Today’s cyberattacks are more agile, more frequent, and more threatening than ever before. Some cyberattacks, like the attacks on Target in 2013, Goodwill in 2014, and R.T. Jones in 2015 target industry giants. However, the truth is that most cyberattacks occur randomly and in a clandestine fashion, where hackers scan the web for any available vulnerabilities to exploit. Regrettably, this means that everyone, irrespective of size, industry, or capitalization, is a potential target.
As companies up their cybersecurity defenses, those who want to exploit security posture weaknesses are getting stronger, bolder, and more destructive. Today’s small-to-medium-sized businesses (SMBs) face a litany of cyber challenges. In 2016, 60% of cyberattacks targeted SMBs. 67% of SMB’s say their current technologies can’t detect or block most cyberattacks, and further, that they lack the personnel to maintain a strong cybersecurity posture.
For client confidence to grow, cybersecurity must become every employee’s responsibility, presenting a strong, formidable defense against malicious attacks. Companies that extend cybersecurity throughout their entire ecosystem leverage client safety and trust as a market differentiator.
Cybersecurity is each employee’s responsibility, and here are five things you can do right now:
Identify your company’s “crown jewels,” and risk-rate your digital assets. Audit each assets’ access points and daily uses to identify ecosystem weaknesses. Ask some of the hard questions: do employees have access to human resources data unrelated to their position? How many service applications interact with clients’ financial data? Do my mobile employees securely log in to company servers?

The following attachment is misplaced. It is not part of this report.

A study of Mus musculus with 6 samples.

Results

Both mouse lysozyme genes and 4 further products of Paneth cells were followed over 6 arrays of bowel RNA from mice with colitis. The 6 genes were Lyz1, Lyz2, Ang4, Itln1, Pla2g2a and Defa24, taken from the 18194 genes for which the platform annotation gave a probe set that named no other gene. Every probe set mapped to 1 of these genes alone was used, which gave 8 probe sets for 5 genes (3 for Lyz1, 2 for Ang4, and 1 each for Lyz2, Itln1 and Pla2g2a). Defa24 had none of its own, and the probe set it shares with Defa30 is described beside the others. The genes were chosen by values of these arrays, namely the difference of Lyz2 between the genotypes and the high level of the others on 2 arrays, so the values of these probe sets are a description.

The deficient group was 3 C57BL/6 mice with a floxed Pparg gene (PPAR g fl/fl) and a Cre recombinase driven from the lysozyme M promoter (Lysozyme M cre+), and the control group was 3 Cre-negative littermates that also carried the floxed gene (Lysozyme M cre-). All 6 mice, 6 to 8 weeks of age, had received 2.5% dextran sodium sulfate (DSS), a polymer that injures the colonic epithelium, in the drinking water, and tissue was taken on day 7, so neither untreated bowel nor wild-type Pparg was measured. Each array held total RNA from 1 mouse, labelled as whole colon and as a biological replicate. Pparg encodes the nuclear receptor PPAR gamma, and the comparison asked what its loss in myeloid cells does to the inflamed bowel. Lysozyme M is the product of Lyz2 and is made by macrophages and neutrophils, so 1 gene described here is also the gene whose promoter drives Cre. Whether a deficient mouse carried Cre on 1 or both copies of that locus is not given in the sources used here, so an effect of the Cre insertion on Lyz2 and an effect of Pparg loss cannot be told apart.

Integrate cybersecurity into the talent strategy and create a Chief Information Security Officer (CISO) role that strengthens people, processes, and programs. Take it one step further, and integrate compliance into cybersecurity strategy— simultaneously turning any money invested in compliance to defense spending.
Understand how regulation impacts your company and digital practices.
Ensure that cybersecurity built in to any digital services. Thus, as you expand, you will become more secure, and less vulnerable.
Build a crisis and communication action plan that can be enacted in the event of a cybersecurity crisis. Strengthen company resilience by ensuring that each team member knows their role in the event of a crisis. Don’t stop at ‘detection’ strategies—employ end-to-end security solutions that prevent.
The future business will be driven by digital relationships that overstep local encounters and rest on reputation. This connectivity will offer many new strategic opportunities for companies and their customers. Yet in doing so, this increased connectivity will open these companies, their families, and their clients up to a host of new cyber risks that will threaten one of the core elements of professional services: trust.
In an increasingly global and therefore increasingly competitive market, to win and maintain the business of customers who expect their information to be respected and well protected, companies must show their resolve to preserve the privacy of their data. Conversely, clients demand an ever-increasing range of digitally accessible products and services, all of which create dozens of access points for cyber threats and irrevocably link privacy to integrity and trust.
Companies must understand how cyber threats evolve, keep ahead of new regulation, foster a comprehensive cybersecurity culture within the company, and work closely with security vendors to secure the entire ecosystem as efficiently as possible. The companies that achieve these objectives and consistently prove to be devoted guardians of client data will succeed in making cybersecurity a market differentiator that will offer stability and competitive advantage in a disruptive age.